14 Aug How to prepare an effective CV
Top CV Tips:
- Be sure it’s neat, typed out if possible and to the best standard you can achieve regarding content and layout.
- Be concise, 2 sides of a sheet of A4 paper is normally enough.
- Be positive, it should emphasise your achievements, strengths, successes and make a good impression. This means presenting the facts about yourself in a positive way!
What to include in your CV
You should present your CV clearly and keep it simple. There is an example CV at the bottom of this article but you should always include:
- Your name
- Your address
- Your phone number
- Your email address (if you have one)
- Your career history
Put your most recent job first and include dates. Employers will be more interested in what you have done recently. Include the skills and experience you have gained across those jobs. If you have had a gap in your career, it is always better to be honest about this and explain why rather than hide it.
You don’t need to include your date of birth
Laws on discrimination mean that you don’t need to put your age or date of birth on your CV.
A personal profile
This is a short statement at the beginning of your CV to promote yourself as well as your specific skills, experience and personal qualities.
Make sure the statement is tailored to fit the requirements of each job that you apply for, so that you make it clear to the employer that you’re right for the job.
You can follow your profile with a list of two or three achievements that are relevant to the job, such as health and safety certificates or courses you have completed.
Include any relevant work experience or anything you have done whilst you have been taking part in your hobbies and interests. Promote your good qualities and skills.
Work history and experience
Start with your most recent job and work backwards. It might be helpful to go through this with someone on a separate sheet of paper first, as things might come back to you as you talk and write. Make sure you don’t leave any gaps in your employment dates. If there have been periods of time when you haven’t had a job then say what you were doing, whether you were unemployed or doing voluntary work.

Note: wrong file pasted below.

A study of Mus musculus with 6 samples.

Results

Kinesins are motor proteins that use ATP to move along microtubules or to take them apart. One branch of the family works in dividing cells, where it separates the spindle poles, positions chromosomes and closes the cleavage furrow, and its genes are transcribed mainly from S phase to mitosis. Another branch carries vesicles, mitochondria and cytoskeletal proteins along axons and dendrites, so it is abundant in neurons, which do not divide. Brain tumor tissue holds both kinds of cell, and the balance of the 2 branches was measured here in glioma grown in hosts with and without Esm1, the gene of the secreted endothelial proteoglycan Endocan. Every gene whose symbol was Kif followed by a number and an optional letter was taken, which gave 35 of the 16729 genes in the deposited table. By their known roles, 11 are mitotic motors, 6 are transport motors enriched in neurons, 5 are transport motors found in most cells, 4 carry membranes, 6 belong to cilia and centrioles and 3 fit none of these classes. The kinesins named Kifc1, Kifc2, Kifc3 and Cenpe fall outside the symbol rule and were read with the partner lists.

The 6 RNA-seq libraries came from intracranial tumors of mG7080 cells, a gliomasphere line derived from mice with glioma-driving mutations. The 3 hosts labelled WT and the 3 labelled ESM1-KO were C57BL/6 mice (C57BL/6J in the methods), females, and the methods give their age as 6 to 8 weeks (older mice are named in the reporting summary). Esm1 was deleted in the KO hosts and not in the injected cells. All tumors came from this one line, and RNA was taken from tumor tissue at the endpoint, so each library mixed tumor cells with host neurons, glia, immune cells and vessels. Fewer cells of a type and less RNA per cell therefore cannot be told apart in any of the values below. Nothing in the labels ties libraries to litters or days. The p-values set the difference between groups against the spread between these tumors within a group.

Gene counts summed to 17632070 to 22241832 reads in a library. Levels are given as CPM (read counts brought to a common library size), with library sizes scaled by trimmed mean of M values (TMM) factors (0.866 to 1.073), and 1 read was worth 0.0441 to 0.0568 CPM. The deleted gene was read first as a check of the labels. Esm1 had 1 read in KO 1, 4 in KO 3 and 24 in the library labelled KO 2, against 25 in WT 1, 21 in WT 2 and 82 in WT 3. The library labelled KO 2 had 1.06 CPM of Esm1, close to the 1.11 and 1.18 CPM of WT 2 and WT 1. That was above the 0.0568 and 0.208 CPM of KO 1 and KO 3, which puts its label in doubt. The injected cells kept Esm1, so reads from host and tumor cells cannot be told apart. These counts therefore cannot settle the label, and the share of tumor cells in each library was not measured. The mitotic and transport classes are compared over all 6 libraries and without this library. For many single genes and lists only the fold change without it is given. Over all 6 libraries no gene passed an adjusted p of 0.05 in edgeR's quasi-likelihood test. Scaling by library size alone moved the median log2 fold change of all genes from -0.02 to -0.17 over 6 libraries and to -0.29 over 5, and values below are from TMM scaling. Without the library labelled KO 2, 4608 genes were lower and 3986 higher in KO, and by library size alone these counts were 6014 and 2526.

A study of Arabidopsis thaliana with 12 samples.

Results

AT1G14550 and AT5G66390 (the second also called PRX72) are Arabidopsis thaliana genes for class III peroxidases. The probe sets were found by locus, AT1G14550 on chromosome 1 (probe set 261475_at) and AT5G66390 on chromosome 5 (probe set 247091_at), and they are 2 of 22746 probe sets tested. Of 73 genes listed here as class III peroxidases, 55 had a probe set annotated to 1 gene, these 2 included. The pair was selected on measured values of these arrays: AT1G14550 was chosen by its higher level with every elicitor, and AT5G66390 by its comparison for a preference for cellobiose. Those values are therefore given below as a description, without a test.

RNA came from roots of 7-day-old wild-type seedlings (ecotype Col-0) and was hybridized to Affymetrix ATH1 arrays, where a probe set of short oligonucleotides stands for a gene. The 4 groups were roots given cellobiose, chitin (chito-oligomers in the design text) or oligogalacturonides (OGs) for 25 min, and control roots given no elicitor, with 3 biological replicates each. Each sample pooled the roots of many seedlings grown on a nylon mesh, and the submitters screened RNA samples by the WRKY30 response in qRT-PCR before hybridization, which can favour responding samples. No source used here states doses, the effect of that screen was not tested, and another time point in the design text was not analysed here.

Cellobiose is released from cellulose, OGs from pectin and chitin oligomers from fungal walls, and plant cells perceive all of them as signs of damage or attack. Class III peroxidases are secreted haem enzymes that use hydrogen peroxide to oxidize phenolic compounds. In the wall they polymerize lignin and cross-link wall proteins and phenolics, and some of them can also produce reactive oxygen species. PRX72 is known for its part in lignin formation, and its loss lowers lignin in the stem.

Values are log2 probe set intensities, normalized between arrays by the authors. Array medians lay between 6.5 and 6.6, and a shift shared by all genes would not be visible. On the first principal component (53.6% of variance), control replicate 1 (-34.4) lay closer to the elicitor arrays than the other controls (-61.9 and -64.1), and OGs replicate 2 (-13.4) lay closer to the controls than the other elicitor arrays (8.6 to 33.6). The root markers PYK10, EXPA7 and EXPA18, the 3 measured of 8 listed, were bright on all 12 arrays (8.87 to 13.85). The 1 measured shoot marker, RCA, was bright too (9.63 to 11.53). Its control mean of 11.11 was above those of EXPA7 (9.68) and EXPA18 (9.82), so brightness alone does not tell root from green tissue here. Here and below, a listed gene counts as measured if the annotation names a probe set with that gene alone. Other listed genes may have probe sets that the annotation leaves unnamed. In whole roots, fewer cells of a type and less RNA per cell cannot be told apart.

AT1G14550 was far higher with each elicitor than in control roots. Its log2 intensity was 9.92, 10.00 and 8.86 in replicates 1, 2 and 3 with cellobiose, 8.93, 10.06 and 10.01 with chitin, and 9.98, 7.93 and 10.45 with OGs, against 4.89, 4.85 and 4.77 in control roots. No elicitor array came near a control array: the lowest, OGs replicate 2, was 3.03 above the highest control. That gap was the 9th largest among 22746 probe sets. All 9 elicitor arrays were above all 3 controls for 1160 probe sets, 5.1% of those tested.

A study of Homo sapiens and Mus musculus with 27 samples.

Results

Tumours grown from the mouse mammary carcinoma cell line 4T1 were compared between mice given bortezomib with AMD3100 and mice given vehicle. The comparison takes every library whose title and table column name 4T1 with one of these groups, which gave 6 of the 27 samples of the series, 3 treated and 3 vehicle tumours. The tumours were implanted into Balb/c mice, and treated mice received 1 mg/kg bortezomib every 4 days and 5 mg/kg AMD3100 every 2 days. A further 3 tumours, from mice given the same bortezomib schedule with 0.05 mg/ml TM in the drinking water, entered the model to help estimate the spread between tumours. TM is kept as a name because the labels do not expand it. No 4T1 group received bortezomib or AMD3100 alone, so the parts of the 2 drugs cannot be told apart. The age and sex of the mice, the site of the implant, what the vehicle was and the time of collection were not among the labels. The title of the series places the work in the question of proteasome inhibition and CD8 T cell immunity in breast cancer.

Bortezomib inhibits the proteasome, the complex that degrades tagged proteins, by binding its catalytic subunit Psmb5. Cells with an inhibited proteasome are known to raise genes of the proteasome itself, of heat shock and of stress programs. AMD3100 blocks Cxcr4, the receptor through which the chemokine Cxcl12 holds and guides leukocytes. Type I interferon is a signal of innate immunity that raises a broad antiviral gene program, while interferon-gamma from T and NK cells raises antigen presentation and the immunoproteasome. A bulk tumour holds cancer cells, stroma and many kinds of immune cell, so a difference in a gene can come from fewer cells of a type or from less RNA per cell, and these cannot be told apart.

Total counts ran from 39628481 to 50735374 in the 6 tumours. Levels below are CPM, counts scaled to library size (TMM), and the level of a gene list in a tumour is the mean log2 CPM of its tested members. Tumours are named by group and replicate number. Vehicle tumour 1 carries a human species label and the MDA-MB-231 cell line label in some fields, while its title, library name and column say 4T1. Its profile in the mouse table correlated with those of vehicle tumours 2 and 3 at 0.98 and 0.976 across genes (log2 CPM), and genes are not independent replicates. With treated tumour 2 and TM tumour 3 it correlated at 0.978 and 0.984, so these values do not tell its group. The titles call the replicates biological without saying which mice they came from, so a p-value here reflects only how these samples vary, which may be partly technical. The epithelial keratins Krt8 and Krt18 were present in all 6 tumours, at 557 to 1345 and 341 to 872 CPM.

Education and qualifications
Include any qualifications and training from your school or college or any training you have done in a previous or part-time job. Put the most recent first and include any qualifications that you got from school or college.
Mention things you did well in your past jobs which could be relevant for the job you’re applying for.
Hobbies and interests
You should include some of your personal interests and how you like to spend your spare time. Employers appreciate that you are a person not just an employee and it’s good to show the different aspects of your character!
It is a good idea to put down two references. The rule is generally to include your most recent employer but if you haven’t been employed previously, you can put your tutor or teacher and a personal referee who is somebody from your community, a friend or relative with a professional status as a character witness.
Make sure you ask their permission before you include their details.
Don’t forget to…
Keep the employer’s needs in mind. Every employer will have their own needs and requirements, so make sure that your CV matches up with the skills and experience they’re actually looking for.
Ensure that all dates match up and everything is spelt correctly. Give your CV to someone to read through as it’s vital there are no mistakes – this is one of the main reasons CV’s are rejected.
Finally, look at the CV before you send it off. It might be that you need to make some small changes to make it more specific to the job you’re applying for.
If you are interested in learning while earning a salary, gaining valuable work experience and nationally recognised qualifications, then have a look at our apprenticeship vacancies and see what opportunities are available in your area. For more help, please contact us on 0800 783 2545 or email firstname.lastname@example.org.